Tuesday, June 30, 2009

End of the Fiction

For almost 30 years Bob Kane's little namebox had appeared in every issue as the principal artist on Batman, although it was an open secret at DC that a succession of then-unknown but talented artists like Jerry Robinson, Dick Sprang and Sheldon Moldoff were actually doing most of the work.

But in the late 1960s, things changed. As the Batman TV series collapsed like all fads, the circulation for Batman dropped alarmingly. In Batman #200, DC reported average issue sales of 806,000 for that mag for the prior year. In Batman #210, DC reported average issue sales of 533,000, and by Batman #220, it was all the way down to 356,000.

Apparently sometime around 1968, DC finally bought out Bob Kane for good. At any rate, in Batman #203, a giant issue, Julius Schwartz announced that a new artist would be getting credit for the next issue of Batman:

Moldoff's last original Batman story appears to have been in Batman #199; of course he would appear many times in reprint issues. Chic Stone (another contractor for Kane) did the last few stories, including issue #200.

It took a long time before proper credit started showing up in Batman reprints. In this I don't entirely blame Julius Schwartz, the editor for Batman. It's one thing to know that Kane hadn't drawn all those stories; it's another to affirmatively state that someone else did. I have looked through quite a few reprint books from around then, including Batman #203, #208, #213, #218, #223, #228 and #233-238 (#234-237 featured one Batman reprint per issue in the 25 cent, 52-page format).

The first time an artist other than Kane is given credit in one of the reprint stories is in Batman #233. The opening story, The Death Cheaters of Gotham City, is (correctly) identified as the work of Jim Mooney. But the rest of the stories in that issue are all Moldoff, and none of them are tagged as such; it's just the usual Bob Kane box.

In Batman #234-235, Schwartz reprinted a pair of New Look tales which were obviously Infantino and were properly credited. In #236, he reprinted a 1940s Batman tale called While the City Sleeps, a Dick Sprang tale that is not credited.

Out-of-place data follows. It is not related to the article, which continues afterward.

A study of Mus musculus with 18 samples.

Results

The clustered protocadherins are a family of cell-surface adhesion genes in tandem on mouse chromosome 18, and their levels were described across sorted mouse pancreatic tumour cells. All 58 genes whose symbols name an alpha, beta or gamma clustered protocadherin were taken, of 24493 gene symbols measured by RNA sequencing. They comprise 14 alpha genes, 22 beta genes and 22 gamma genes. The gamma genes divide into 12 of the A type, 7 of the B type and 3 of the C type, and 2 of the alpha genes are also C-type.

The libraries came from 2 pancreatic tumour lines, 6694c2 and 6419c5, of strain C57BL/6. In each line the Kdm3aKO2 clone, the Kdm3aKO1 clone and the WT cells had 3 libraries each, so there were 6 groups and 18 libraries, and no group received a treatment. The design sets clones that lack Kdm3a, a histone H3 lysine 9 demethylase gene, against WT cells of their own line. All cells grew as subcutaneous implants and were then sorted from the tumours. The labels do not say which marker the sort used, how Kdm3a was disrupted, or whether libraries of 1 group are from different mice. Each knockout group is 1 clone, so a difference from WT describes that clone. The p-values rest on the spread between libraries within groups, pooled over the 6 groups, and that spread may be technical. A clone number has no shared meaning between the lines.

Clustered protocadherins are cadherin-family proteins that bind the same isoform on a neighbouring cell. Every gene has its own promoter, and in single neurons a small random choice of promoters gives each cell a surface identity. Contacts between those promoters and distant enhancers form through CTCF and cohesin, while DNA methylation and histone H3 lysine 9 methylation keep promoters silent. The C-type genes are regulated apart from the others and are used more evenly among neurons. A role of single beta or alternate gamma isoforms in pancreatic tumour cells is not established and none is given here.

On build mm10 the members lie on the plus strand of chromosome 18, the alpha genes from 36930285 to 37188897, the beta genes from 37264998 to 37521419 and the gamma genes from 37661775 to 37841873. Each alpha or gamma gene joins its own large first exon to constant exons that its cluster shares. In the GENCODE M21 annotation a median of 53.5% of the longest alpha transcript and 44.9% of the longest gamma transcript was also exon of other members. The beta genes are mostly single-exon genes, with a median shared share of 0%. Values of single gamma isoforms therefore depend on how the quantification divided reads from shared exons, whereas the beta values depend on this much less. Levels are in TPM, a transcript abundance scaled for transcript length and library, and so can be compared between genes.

Finally, in Batman #238, Dick Sprang's name was mentioned:

Note that the Kane namebox there is pretty blandly filled in (reportedly not by Sprang, who refused the chore); the stuff that Kane submitted as his own but was really done by Moldoff has a much more stylized look as you can see at the top of the post, with the "O" overlapping the two "B"s (not usually that dramatically) and the underlined KANE).

So Sprang gets his first mention in Batman, about 219 issues after he first appeared. However, at this point the crediting was still rudimentary. Batman #239 included a reprint of an early Christmas story that is clearly Jerry Robinson, but there are no credits other than the Kane box. Batman #240 has a New Look Batman story from #164 that is obviously penciled by Moldoff; it is credited to Kane/Giella.

So when did Moldoff get his first credit? I'm still looking for the answer to that one. After Batman #242, the magazine reverted to the normal 36-page format for a year with no reprints. Then from 254-262 the issues were 100-pagers with loads of reprints, but as far as I can see, no stories are credited to Moldoff. After that, reprints moved over to Batman Family; unfortunately my collection peters out around then as well.

Update: See also this post of Bill Jourdain's for the first writing credit to Bill Finger, the scripter of most Batman stories prior to 1964.

Update II: This article on Batmania (the Batman fanzine of the 1960s) contains some tantalizing details:

Jerry [Bails] detailed how Bob Kane had hired the unassuming Finger to write his (Kane's) feature "Rusty and His Pals" and then "Batman." With Batman's success, Bill soon began working directly for DC, co-creating such famous strips as "Green Lantern" and "Wildcat." He was noted for his ability to "adapt the freewheeling style of the pulps to the four-color panels, and break down the action of a Douglas Fairbanks-type adventurer into a panel-by-panel description for the artist."

The K-a article was probably the first anywhere to publicly state that "Bill is the man who first put words in the mouth of the Guardian of Gotham." By Finger's account, Jerry went on, "The cowl and cape, the utility belt and gauntlet, were all Bill's contribution to the dialogue that gave rise to the final form of Batman's famous costume"-along with the Joker and "all the other principals and supporting characters of the early strip: Robin, of course, but also Commissioner Gordon (who appeared in the first Batman story), Alfred, the Penguin, and the Catwoman, as well as the many unusual and sympathetic characters that made the early Batman so popular."

Update III: Jerry Robinson gets a credit in Batman #255:

Update IV: Commenter Lee notes that he read all the Batman books in the 1970s and that Moldoff's name never came up. He suggests that the book, The Greatest Batman Stories ever told (published in 1988) is probably where Shelly got his first credit for the Caped Crusader:

Note the credit at the bottom of the page, just underneath the artwork. I don't know if this is really the first mention of Moldoff, but at least it's a place we can try to walk backwards from.

Update IV: Check out this post of mine to learn where the first Easter Egg with Sprang was located.